By Melissa Grant
Families with two or more children in childcare would save thousands of dollars in fees each year under a new budget proposal from the federal government.
Childcare subsidies for second and subsequent children will be increased to as high as 95 per cent and the subsidy cap removed for high income earners from July 2022 as part of a $1.7m overhaul.
The changes mean families with two children aged five and under in childcare four days a week, for example, would save between $41 and $125 each week.
Treasurer Josh Frydenberg says the policy is designed to make childcare more affordable and give parents the choice to work extra hours.
Currently, parents are given the same subsidy for their second child, which means the cost of childcare doubles. Childcare subsidies are also capped at $10,560 per child, with families earning more than $189,390 having to pay full fees once the subsidy runs out.
Under the new subsidy system, childcare fees would be subsidised between 80 per cent and 95 per cent for second and subsequent children. The subsidy cap would also be scrapped.
For example, a family earning $110,000 a year will have the subsidy for their second child increase from 72 to 95 per cent, and would be $95 per week better off for four days of childcare.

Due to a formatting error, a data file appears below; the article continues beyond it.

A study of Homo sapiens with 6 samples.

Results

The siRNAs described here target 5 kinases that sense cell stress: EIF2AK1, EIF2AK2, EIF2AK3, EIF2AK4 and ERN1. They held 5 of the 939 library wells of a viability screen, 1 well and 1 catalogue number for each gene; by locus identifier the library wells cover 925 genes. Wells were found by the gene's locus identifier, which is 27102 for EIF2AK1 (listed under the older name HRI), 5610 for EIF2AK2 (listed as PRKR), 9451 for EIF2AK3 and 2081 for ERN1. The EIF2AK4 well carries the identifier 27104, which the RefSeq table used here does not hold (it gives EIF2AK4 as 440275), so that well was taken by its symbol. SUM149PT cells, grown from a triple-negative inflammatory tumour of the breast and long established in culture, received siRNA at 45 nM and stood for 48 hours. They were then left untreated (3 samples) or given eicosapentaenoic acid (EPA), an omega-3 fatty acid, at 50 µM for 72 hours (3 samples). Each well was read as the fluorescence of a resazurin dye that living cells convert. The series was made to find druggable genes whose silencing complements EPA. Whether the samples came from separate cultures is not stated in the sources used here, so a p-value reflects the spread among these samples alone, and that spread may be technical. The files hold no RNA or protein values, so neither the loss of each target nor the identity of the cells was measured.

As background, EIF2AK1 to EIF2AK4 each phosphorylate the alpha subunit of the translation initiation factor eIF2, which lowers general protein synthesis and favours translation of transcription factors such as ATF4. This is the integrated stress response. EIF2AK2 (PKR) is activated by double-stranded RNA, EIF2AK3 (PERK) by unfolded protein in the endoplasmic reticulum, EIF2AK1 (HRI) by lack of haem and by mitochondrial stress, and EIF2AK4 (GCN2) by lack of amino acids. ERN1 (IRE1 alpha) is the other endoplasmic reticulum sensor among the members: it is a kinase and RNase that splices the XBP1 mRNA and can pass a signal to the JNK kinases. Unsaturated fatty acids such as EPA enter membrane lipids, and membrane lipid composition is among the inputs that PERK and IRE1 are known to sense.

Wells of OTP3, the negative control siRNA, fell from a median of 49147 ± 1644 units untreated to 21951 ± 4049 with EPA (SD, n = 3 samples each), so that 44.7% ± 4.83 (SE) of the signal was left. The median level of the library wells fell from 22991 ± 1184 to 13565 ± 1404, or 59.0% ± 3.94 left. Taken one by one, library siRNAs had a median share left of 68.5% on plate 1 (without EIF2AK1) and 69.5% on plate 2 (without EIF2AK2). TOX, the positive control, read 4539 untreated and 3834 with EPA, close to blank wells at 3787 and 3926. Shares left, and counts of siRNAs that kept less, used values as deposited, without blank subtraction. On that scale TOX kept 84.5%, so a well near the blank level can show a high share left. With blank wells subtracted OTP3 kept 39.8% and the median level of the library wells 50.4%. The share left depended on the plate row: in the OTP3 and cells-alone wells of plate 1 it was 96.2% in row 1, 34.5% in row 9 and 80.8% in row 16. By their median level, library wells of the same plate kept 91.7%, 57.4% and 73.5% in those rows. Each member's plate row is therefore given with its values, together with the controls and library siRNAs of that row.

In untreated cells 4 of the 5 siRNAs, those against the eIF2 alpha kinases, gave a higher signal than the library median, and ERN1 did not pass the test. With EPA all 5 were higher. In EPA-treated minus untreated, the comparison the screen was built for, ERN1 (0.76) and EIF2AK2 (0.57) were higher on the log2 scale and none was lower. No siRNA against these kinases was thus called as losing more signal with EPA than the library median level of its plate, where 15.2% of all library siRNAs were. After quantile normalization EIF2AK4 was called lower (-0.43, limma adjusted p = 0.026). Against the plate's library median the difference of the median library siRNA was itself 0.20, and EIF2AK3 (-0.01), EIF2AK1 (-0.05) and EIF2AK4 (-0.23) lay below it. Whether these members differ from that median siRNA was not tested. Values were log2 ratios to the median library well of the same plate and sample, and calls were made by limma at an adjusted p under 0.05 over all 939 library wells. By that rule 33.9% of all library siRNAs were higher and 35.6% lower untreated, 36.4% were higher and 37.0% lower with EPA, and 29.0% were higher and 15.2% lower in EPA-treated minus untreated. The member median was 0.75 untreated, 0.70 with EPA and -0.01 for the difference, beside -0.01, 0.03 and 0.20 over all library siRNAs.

Education Minister Alan Tudge said the measures would further ease the cost of child care and encourage workforce participation, particularly for larger families.
“These measures will help remove the barriers for parents, particularly mothers, to return to the workforce or to increase their hours, as their family grows,” he said.
Minister for Women Marise Payne said the investment in the Child Care Subsidy would deliver greater choice for Australian women and men as they balance their family and work responsibilities.
“For women in particular, it opens the door for those choosing to work or to work more, which is critical to their own economic security and a prosperous Australian economy,” she said.
“These changes strengthen our economy and at the same time provide greater choice to parents who want to work an extra day or two a week.”
However, Opposition Leader Anthony Albanese says the federal government has “missed an opportunity” to reform childcare and boost women’s workforce participation.
Mr Albanese said “Labor’s cheaper childcare plan” lifts the subsidy and “smooths” the taper rate across the board, regardless of how many children a family has and how old they are.
He also claimed Labor’s childcare plan would assist 1 million families instead of 250,000.
“The many Australian families struggling under the cost of out of school hours and vacation care will not benefit at all from the Morrison government’s lift in subsidy,” he said .
“Families desperately need immediate relief from soaring childcare costs, yet these changes are not even set to come in for over a year.”